Margaret Clunies Ross (ed.) 2017, ‘Máguss saga jarls 1 (Mágus jarl, verses 1)’ in Margaret Clunies Ross (ed.), Poetry in fornaldarsögur. Skaldic Poetry of the Scandinavian Middle Ages 8. Turnhout: Brepols, p. 599.
Ek hefi vísendi víst í brjósti
meiri miklu, en menn vita.
Sé ek, hvar húkir hirð á bekkjum,
hjartadeigir, ef herja skal.
Ek hefi víst miklu meiri vísendi í brjósti, en menn vita. Ek sé, hvar hirð húkir á bekkjum, hjartadeigir, ef skal herja.
I have certainly much more knowledge in my breast than people know. I see where the retinue cowers on the benches, men soft of heart, if there should be any fighting.
Mss: 152(174vb), 590aˣ(25v), 58ˣ(320r), papp25ˣ(83v) (Mág)
Readings:  hefi: hef 590aˣ, 58ˣ  meiri miklu: so 590aˣ, miklu meiri with meiri corrected by scribe from location between vísendi and víst to after miklu 152, miklu meiri 58ˣ, papp25ˣ  vita: viti 58ˣ, papp25ˣ  ‑deigir: deig 590aˣ, 58ˣ, papp25ˣ
Context: This and the following two fornyrðislag stanzas are all spoken by Mágus jarl disguised as an old man, Skeljakarl ‘Shell-man’, so named because his clothing is covered with shells. The prose text of the younger recension introduces the stanzas with a detailed description of the man’s appearance and behaviour. He comes before the king and his retinue saying that he is capable of spásǫgur ‘prophecies’. He is on crutches and carries two staves, one of which he places on the floor in front of him. He strokes his hair and combs his beard, so that it spreads over his chest, and shakes his head several times, making a clattering sound, at which the retinue laughs. He then takes a second stave and passes it in front of his eyes, leaps like a cat from an outer to an inner bench and waves the second stave over the men’s heads, speaking a stanza in a low voice.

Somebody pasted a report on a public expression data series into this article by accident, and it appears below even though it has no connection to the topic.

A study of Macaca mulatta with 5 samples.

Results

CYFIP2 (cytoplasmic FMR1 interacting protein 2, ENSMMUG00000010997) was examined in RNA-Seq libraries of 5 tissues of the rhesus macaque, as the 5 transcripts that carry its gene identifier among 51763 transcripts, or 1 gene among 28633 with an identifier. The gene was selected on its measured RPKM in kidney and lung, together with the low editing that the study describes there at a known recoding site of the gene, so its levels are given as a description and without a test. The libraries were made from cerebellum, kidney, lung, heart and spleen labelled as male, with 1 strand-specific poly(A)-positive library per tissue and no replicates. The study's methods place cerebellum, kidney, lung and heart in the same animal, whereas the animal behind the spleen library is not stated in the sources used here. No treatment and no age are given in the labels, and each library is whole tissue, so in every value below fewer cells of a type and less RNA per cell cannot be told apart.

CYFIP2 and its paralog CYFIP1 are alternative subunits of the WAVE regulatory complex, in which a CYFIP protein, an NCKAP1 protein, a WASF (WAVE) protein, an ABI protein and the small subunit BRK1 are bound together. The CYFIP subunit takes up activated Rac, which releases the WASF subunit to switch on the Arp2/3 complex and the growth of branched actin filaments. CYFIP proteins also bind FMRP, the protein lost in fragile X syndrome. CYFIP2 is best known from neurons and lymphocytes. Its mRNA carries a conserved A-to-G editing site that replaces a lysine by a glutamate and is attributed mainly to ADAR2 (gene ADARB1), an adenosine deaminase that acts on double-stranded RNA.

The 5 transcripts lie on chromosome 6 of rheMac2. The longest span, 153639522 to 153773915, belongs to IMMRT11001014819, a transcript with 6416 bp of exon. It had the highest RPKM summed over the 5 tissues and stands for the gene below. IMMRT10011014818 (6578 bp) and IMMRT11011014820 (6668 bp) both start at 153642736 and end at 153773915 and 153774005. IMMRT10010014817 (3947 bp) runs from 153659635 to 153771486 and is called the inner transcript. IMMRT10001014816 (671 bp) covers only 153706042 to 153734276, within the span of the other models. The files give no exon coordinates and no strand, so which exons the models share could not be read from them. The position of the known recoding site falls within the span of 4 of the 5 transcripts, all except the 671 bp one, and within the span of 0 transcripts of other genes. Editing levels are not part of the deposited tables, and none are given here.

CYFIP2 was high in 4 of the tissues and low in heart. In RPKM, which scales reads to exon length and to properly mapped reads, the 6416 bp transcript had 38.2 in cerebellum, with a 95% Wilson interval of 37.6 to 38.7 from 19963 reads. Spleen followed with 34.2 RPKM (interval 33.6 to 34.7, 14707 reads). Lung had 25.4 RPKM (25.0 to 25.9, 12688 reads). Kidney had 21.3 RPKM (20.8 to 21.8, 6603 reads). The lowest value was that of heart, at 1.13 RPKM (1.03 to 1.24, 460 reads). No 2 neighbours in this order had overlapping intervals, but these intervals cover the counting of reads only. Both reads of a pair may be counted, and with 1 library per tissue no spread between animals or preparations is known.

Notes: [All]: The longer recension of Mág gives a lot more detailed description of Mágus’ behaviour and equipment than the shorter recension does (cf. Mág 1884, 21-2). All three stanzas qualify as níðvísur ‘insult-stanzas’, intended to defame the retinue of the ruler, Karl, and to draw his attention in particular to the deviousness and malevolence of the men upon whose advice he relies. — [5-6]: See Note to Mág 2/1-2. —  húkir ‘cowers’: The verb húka lit. ‘squat’ has connotations of cowardliness and lack of manly, upright behaviour, similar to heykjask ‘bend, cower down’. —  hjartadeigir ‘men soft of heart’: Considered, with Skj B and Skald, as a cpd adj. used substantivally, the second element of which is deigr lit. ‘kneadable, doughy’, and by extension ‘soft, damp, cowardly’. The cpd implies cowardice on the part of the hirð ‘retinue’, mentioned in l. 6. The m. nom. pl. adj. ‑deigir in 152 does not agree with hirð, and must be assumed to be in apposition to it, meaning ‘men soft of heart’, whereas the other mss read deig, agreeing with hirð f. nom. sg. That reading is unmetrical, however.